If you pay attention to your little one, you’ll notice that he plays in different ways, often with the very same toy! If you’ve ever wondered why he does this, you’re in luck: Play is one of the most researched topics in child development, and dozens of researchers have wondered the same thing.
Because there’s so much research on play, there are different theories about it (one of which we explored in our article about why babies and toddlers play alone together). Let’s follow the work of Dr. Kenneth Rubin, researcher and professor at the University of Maryland, who describes these different types of play:
4 Types of Play
Functional play is playing simply to enjoy the experience. Infants engage in functional play when they trade smiles with a caregiver, or squeeze a soft toy over and over. A toddler’s functional play could be climbing on a play structure, or banging two blocks together to hear the sound it makes. Functional play helps little ones learn about the world through their senses, supports social-emotional development, and strengthens motor skills.
As the name suggests, this play involves constructing something (building, drawing, crafting, etc.). Unlike functional play, constructive play is goal-oriented. The onset of constructive play shows that little ones are developing the ability to plan. Remember those two blocks our toddler was banging together? Now he is stacking one on top of the other, constructing a tower. This play promotes creativity and problem solving, and gives children a sense of accomplishment.
During exploratory play, a child examines something closely in order to learn more about it. Our toddler gets a new set of blocks, for example, and studies one of them by looking at it from all angles while slowly turning it in his hands. Exploratory play helps children learn cognitive and language concepts such as shape, size, color, function, and spatial awareness. Even in infancy, babies “play” by intently observing their surroundings.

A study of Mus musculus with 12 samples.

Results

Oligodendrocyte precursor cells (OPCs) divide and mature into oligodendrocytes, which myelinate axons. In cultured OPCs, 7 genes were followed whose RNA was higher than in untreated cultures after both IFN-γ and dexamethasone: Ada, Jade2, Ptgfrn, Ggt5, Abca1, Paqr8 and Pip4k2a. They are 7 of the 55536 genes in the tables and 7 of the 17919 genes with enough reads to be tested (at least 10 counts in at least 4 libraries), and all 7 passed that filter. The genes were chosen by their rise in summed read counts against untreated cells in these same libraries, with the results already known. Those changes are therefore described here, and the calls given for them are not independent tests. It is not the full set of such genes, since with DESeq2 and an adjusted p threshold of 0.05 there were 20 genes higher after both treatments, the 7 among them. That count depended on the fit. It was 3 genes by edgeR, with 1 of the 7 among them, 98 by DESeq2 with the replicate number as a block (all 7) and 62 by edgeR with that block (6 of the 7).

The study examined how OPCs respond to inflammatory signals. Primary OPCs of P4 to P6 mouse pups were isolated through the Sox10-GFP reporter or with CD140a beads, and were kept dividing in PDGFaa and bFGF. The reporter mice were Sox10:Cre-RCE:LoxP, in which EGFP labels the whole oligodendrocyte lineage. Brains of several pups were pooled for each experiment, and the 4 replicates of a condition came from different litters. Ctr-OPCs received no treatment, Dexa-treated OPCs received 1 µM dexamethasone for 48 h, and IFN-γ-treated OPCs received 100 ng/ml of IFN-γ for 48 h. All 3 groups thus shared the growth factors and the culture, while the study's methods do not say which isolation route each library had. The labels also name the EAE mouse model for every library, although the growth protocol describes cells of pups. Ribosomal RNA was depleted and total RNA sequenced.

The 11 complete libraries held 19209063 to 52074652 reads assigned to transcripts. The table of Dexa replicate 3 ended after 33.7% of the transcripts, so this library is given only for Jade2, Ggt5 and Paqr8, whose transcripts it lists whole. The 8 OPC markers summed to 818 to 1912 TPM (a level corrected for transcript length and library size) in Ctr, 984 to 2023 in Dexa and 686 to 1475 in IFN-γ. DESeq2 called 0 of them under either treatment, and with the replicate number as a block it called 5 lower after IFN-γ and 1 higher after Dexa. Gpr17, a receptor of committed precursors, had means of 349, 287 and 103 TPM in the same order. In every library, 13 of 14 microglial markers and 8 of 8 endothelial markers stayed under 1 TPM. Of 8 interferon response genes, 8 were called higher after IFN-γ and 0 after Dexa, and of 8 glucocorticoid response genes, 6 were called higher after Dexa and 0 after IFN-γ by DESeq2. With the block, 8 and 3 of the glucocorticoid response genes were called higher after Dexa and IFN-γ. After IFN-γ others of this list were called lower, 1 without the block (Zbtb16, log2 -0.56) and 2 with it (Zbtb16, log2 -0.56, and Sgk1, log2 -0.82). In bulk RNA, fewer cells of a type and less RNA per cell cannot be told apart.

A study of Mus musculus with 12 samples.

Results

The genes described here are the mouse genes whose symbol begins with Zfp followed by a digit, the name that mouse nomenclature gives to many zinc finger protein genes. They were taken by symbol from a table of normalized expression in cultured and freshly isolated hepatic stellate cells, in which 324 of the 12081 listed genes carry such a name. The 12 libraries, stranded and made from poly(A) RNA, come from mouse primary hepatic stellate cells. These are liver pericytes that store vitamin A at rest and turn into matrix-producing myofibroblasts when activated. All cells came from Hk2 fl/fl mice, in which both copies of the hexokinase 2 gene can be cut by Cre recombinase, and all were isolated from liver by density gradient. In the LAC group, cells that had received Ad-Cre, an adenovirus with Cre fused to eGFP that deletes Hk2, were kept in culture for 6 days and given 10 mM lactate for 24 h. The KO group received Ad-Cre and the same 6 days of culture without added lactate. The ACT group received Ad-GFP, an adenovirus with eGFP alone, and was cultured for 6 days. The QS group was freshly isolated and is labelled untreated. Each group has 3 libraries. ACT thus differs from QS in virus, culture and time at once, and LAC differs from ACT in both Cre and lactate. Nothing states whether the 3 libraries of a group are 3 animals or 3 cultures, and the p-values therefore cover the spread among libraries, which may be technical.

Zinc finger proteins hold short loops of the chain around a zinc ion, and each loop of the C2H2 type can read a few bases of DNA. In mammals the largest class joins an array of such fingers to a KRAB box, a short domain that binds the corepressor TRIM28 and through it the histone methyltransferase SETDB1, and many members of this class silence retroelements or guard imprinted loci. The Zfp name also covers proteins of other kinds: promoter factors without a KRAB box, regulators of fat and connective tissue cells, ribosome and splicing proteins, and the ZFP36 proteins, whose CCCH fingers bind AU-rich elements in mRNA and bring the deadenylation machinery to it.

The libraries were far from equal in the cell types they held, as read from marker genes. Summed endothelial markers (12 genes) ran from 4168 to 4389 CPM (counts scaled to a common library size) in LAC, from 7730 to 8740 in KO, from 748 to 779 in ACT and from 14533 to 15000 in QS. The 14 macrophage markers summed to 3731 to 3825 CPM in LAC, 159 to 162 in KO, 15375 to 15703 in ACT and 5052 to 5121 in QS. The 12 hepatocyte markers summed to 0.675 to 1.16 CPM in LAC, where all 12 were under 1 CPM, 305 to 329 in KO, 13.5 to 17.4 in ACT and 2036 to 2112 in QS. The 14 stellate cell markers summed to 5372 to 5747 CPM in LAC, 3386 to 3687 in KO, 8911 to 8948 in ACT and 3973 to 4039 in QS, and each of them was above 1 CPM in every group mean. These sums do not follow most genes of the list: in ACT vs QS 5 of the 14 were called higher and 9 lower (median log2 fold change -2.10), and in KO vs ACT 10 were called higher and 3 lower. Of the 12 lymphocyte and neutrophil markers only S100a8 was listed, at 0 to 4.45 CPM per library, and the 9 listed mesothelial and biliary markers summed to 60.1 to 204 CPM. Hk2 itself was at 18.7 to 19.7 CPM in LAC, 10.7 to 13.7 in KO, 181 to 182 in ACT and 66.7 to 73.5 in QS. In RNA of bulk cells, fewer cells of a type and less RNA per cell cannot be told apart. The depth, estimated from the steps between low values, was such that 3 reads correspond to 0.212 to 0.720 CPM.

Also known as symbolic or pretend play, this emerges alongside a big cognitive shift: Understanding that objects, actions, or ideas can represent other objects, actions, or ideas. It’s the beginning of witnessing toddlers’ imaginations come to life.
Symbolic play starts with a toddler pretending in a concrete way: Holding a toy phone to his ear and pretending to talk. This evolves into creating a story: Going back and forth between talking on the toy phone and handing it to a parent to take a turn talking. The next phase involves more abstract play: Holding a block to his ear and pretending it’s a phone.
Because symbolic play is such an important developmental leap, we gave it its own article, so head over there to learn more.
As toddlers enter preschool and elementary school, symbolic play continues to evolve. Not only do they act out increasingly complex and abstract pretend “stories,” the appearance of cooperative play (around age 4) leads to co-creating imaginative scenarios with peers.
Cooperative play also leads to another level of play: Games with Rules. Agreeing on, following, and adjusting rules is central to social-emotional development, and teaches children to use logic, fairness, and problem solving in order to interact successfully.
How to Encourage Play
By now the internet is abuzz with what child development experts have long been emphasizing: Play is central to every aspect of development – including motor skills, language, problem solving, emotional intelligence, and social interaction.
The most important thing you can do to encourage play, is encourage play! Give your child plenty of time for both structured and unstructured play, and remember that during the early years his best friend is YOU. One day he and a peer will construct a three-story garage out of blocks and park toy cars inside, but to get there he needs to start on the floor with you, pushing a toy car around while you both squeal, “Vroom!”